As the former creative director of DICE Sweden Ben Cousins knows console shooters. His team at Scattered (formerly Ngmoco Sweden) has collectively worked on five Battlefield games, the first three Halo titles, two Far Cry and Crysis games and the upcoming Tom Cruise film All You Need is Kill. If any development team can create a mobile first-person shooter that can appeal to hardcore console and mobile gamers alike, it's this one, and The Drowning is the game Cousins believes will get the job done.
"A lot of the 'core' gamers out there have smart devices, but a lot of the games don't really match their preferences," Cousins told me during a recent phone interview. It's a valid point. Only recently have mobile titles boasting console-quality graphics offered story depth and control options to match.
It's not just a problem getting those core gamers to play, either. Titles like Gameloft's Modern Combat 4 deliver a deep (if somewhat humorous) story and controls that do a fair job of emulating its console inspiration, but hand it to the sort of player that's used to simple fair like Angry Birds and they'd be completely lost.
"We want to introduce shooters to gamers that have never owned a console or PC."
The Drowning, a dark and moody post-apocalyptic shooter coming early next year to iOS, tackles the task by offering a rich and mysterious single player story in a game that can be controlled with one hand, two fingers.
Rather than fill the screen with virtual controls, The Drowning employs a control scheme Cousins likens to Chair's Infinity Blade. Without having played the game myself, it'll be interesting to see how this scheme handles the free movement I'm seeing in the announcement trailer.
The Drowning centres on an unexplained supernatural phenomenon that results in a large portion of the Earth's population being transformed into twisted creatures. The story is inspired by the works of Stephen King, H.P. Lovecraft and John Wyndham, British author of the classic post-apocalyptic novel "The Day of the Triffids". The haunting visuals draw inspiration from the Hudson River School art movement, known for instilling ordinary landscapes with a romantic sense of drama.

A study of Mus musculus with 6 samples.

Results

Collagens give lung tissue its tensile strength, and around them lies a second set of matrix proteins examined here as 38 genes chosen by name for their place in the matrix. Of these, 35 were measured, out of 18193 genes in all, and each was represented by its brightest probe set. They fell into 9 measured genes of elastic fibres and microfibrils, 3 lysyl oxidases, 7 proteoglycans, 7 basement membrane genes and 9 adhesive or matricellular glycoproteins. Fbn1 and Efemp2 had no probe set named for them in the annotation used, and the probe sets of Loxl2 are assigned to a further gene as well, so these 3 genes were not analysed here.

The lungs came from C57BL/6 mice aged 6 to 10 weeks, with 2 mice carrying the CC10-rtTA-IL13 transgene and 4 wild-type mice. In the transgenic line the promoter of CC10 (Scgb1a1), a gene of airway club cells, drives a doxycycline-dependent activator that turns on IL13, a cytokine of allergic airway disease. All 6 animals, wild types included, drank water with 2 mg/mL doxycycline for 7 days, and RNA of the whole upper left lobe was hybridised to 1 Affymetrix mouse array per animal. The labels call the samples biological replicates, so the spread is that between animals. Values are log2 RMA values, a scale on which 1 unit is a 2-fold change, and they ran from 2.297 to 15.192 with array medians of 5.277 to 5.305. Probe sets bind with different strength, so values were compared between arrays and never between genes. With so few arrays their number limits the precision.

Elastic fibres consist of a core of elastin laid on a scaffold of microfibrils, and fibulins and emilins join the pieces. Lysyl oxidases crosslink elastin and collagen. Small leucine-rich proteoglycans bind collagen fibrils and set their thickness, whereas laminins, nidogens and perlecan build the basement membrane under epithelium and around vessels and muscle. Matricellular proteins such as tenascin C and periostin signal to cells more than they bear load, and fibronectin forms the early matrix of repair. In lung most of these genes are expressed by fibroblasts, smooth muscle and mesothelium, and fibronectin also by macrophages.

The player finds themselves battling twisted former humans in closed environments, tasked with chaining together violent moves and hitting weak spots in order to rack up points. "It's sort of like Tony Hawk Pro Skater," Cousins explained. The popular skateboarding game presented players with a closed level filled with goals and a set amount of time to achieve them. Sounds like a lovely model for a shooter.
The overall goal is to create enough carnage that the creatures flee, giving the player time to scavenge materials used to craft and upgrade the game's initial set of 50 weapons. Scavenging is done via a screen tapping mini-game, with materials delivered to a gunsmith for processing.
Which ties directly to The Drowning's 'freemium' nature. Nearly the entire game — an estimate 100 hours spent killing and upgrading every weapon — is completely free. Taking a cue from Rage of Bahamut, one of the top-grossing mobile games on the market, real money can be spent on additional scavenging time or better chances of finding rare components.
The Drowning is slated for release in the first few months of 2013 on iOS (with an Android version later) by DeNA, with regular story updates planned to help players piece together the mystery at the end of the world. From there, Cousins is keen to branch out from the game's Pacific Northwest setting, exploring how other parts of the world handled these cataclysmic events.
I'm keen to see how hardcore shooter fans and casual mobile gamers react to The Drowning.
"There are a billion smart devices in circulation," said Cousins. "That's a billion potential hardcore shooter players." Go get 'em, Ben.